Licensing Options for ISVs – Option A: “Sell the Upgrade”

As a follow-on to the previous post about licensing strategies for ISVs, I would like to discuss the nitty-gritty implementation details. It turns out that the open market has not been very kind to mISV firms, and have left with very few options, none of which provides the desired flexibilities. This post will discuss “Sell the Upgrade.” A follow-on will discuss “Sell the Plan.”

So you want to implement sell-the-upgrade. To do that, you need to have several scenarios, all working in concert. You have released one products with three versions: 1.0, 1.5 and 2.0. You are currently selling 1.5, but will soon start selling 2.0.

  1. New purchaser: This is, of course, easy. You have a single product, call it SKU15, representing version 1.5. Everyone pays full price, say $100.
  2. Return purchaser: This is someone who already bought 1.0 and now wants to upgrade to 1.5. The return purchaser should pay nothing for version 1.5, as it is a minor upgrade. You have a few choices: 
  • Keep the same SKU for upgrade purchases and new purchases of all releases of the major version of the product. SKU10 covers version 1.0 and 1.5, whether new purchase or upgrade. Rely on your licensing system to recognize the allowed upgrade. This usually works if the same license set covers both version 1.0 and 1.5.
  • Use the same SKU for upgrade purchases as for new purchases, but different between minor versions, and rely on your commerce system to recognize that this purchaser bought 1.0 already and is thus allowed a 100% discount off the purchase price of that SKU. 
  • Use a different SKU for upgrade purchases than new purchases, say SKU15U (U for upgrade), and rely on your commerce system to recognize the allowed purchase. In other words, it is a limited availability SKU. 

In both of the commerce-system-dependent solutions, an upgrade means buying the new product, but having the commerce system recognize the purchaser as someone who purchased before, and thus give them the product at 100% off, either via discount of limited availability SKU. It is important that the commerce system recognize that the purchaser is a returning purchaser, and exactly how many copies they have the right to upgrade. For example, someone who bought 5 copies of 1.0 should have the right to purchase 5 copies of 1.5 for free, but not 50 copies. There are varying ways to do this, but very few, if any, commerce or cart systems seem to know how to manage this.

Now we move to major upgrades. People are buying version 2.0.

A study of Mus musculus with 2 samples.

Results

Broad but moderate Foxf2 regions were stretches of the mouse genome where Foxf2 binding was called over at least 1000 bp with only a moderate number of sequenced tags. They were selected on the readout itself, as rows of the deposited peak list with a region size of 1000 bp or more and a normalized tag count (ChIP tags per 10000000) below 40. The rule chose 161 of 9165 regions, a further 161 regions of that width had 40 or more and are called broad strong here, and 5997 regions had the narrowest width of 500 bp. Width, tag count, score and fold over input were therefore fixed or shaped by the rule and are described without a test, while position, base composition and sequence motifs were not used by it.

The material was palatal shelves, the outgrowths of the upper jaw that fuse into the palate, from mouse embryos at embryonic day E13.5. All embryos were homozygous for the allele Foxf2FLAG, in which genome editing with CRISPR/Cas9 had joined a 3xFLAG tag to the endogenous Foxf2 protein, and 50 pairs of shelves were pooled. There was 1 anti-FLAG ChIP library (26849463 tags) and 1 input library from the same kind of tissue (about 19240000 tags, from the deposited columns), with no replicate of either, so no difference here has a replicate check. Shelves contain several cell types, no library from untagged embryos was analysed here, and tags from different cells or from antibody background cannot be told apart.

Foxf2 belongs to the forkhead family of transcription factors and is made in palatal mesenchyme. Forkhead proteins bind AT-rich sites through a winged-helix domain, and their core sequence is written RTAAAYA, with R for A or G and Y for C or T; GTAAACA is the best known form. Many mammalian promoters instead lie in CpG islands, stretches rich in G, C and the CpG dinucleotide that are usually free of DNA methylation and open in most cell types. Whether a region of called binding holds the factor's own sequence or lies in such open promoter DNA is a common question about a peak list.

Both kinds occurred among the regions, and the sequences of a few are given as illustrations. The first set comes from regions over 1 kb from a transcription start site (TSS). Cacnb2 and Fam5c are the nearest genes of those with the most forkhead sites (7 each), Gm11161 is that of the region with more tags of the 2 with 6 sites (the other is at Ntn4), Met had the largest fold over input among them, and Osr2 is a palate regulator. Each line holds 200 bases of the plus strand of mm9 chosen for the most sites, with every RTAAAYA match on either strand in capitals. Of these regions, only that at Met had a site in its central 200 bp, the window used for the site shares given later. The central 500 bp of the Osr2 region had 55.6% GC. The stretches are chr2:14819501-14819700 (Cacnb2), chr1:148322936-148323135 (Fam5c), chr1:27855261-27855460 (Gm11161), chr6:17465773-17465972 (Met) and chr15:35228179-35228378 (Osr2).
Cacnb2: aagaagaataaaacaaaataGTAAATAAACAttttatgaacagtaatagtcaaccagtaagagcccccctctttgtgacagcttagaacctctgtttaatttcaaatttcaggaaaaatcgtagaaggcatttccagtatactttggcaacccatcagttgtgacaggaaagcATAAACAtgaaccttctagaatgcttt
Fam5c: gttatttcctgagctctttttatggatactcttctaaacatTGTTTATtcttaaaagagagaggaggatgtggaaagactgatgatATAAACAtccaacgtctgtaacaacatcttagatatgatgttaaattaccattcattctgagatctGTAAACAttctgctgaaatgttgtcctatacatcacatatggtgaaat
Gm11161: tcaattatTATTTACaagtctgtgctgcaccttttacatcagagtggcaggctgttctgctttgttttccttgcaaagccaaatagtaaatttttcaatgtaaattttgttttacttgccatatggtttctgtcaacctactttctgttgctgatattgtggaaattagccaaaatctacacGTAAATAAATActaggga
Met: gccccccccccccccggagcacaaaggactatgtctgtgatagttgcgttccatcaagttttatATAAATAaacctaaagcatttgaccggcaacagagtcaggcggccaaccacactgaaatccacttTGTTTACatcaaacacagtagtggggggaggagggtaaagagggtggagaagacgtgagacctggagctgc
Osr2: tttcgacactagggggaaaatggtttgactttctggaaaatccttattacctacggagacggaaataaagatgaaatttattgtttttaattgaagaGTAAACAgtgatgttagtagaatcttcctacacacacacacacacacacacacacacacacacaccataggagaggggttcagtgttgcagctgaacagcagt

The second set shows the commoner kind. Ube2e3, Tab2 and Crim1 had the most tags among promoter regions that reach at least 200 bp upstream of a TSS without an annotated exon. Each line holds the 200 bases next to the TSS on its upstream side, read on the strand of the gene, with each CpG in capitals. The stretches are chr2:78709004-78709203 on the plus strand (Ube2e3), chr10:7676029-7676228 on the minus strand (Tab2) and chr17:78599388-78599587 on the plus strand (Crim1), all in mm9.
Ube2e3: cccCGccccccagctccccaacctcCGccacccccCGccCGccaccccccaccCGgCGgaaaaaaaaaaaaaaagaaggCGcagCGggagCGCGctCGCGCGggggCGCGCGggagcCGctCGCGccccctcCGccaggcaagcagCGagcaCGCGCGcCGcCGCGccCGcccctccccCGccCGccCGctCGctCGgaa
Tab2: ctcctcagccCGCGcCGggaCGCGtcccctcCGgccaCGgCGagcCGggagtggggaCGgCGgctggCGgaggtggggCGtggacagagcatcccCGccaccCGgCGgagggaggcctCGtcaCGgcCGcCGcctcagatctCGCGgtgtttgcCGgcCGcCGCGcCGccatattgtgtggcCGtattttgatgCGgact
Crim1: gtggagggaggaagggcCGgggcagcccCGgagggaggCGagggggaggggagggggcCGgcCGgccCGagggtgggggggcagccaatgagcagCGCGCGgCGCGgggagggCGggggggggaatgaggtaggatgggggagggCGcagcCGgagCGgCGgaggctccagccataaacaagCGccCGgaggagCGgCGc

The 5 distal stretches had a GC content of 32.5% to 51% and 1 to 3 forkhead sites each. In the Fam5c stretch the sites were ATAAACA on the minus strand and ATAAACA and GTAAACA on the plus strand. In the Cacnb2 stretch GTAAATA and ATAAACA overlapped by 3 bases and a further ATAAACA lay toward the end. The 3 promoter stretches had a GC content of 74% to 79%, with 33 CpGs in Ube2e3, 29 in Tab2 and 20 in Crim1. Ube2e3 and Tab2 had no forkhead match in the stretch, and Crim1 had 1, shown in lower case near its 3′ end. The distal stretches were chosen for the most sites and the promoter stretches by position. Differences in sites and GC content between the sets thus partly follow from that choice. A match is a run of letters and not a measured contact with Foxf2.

1. New purchaser: This is, again, easy. You have a single product, call it SKU20, representing version 2.0. Everyone pays full price, say $100.
  2. Return purchaser: This is someone who already bought 1.0 or perhaps 1.5 and now wants to upgrade to 2.0. If you don’t give upgrade discounts, it is very easy: they are just like a new purchaser. However, most ISVs, especially mISVs, give upgrade discounts. For argument’s sake, let’s say our discount is 50%. The return purchaser should pay $50 for this upgrade. Managing this through the licensing system is nearly impossible, since they can only upgrade if they pay something, which means a new purchase, which means a new license key. Additionally, you are likely to have a separate SKU for this new version. Thus, your only choice is to manage it through the commerce system. Within the system, you have a few choices: 
  • Use a different SKU for upgrade purchases than new purchases (SKU20 and SKU20U). Rely on your commerce system to recognize the allowed upgrade. Again, this is a limited availability SKU.
  • Use the same SKU for upgrade purchases as new purchases (SKU20). Rely on your commerce system to recognize that this is an upgrade purchase, and thus provide the appropriate 50% discount.

In both of these cases, you depend on your commerce system for a lot of intelligence about returning purchasers. Once again, I have seen few, if any, commerce systems that can do this properly.

So, what is the solution to sell-the-upgrade?

  1. Recognize that most of this is going to happen through the commerce system. Have a good cart of system that ties closely into your customer history database.
  2. Make licensing as easy as possible, and have it trust your commerce system. Licensing may solve some of it, but major upgrades between SKUs will have to generate new license keys, so focus your energies on commerce systems.

esellerate, despite many other severe issues (not least of which is absurd pricing), does have the ability to do this decently using coupons. Their customer technical support is also excellent.

I have recently spent time with the various open-source cart solutions: magento, zen-cart, oscommerce and cubecart, as well as esellerate and a nice newcomer service, FastSpring. I will write a separate blog post on these services and carts soon. Unfortunately, none of these has the ability to do this cleanly. 

Next up: “Sell the Plan.”

About Avi Deitcher

Avi Deitcher is a technology business consultant who lives to dramatically improve fast-moving and fast-growing companies. He writes regularly on this blog, and can be reached via Facebook, Twitter and avi@atomicinc.com.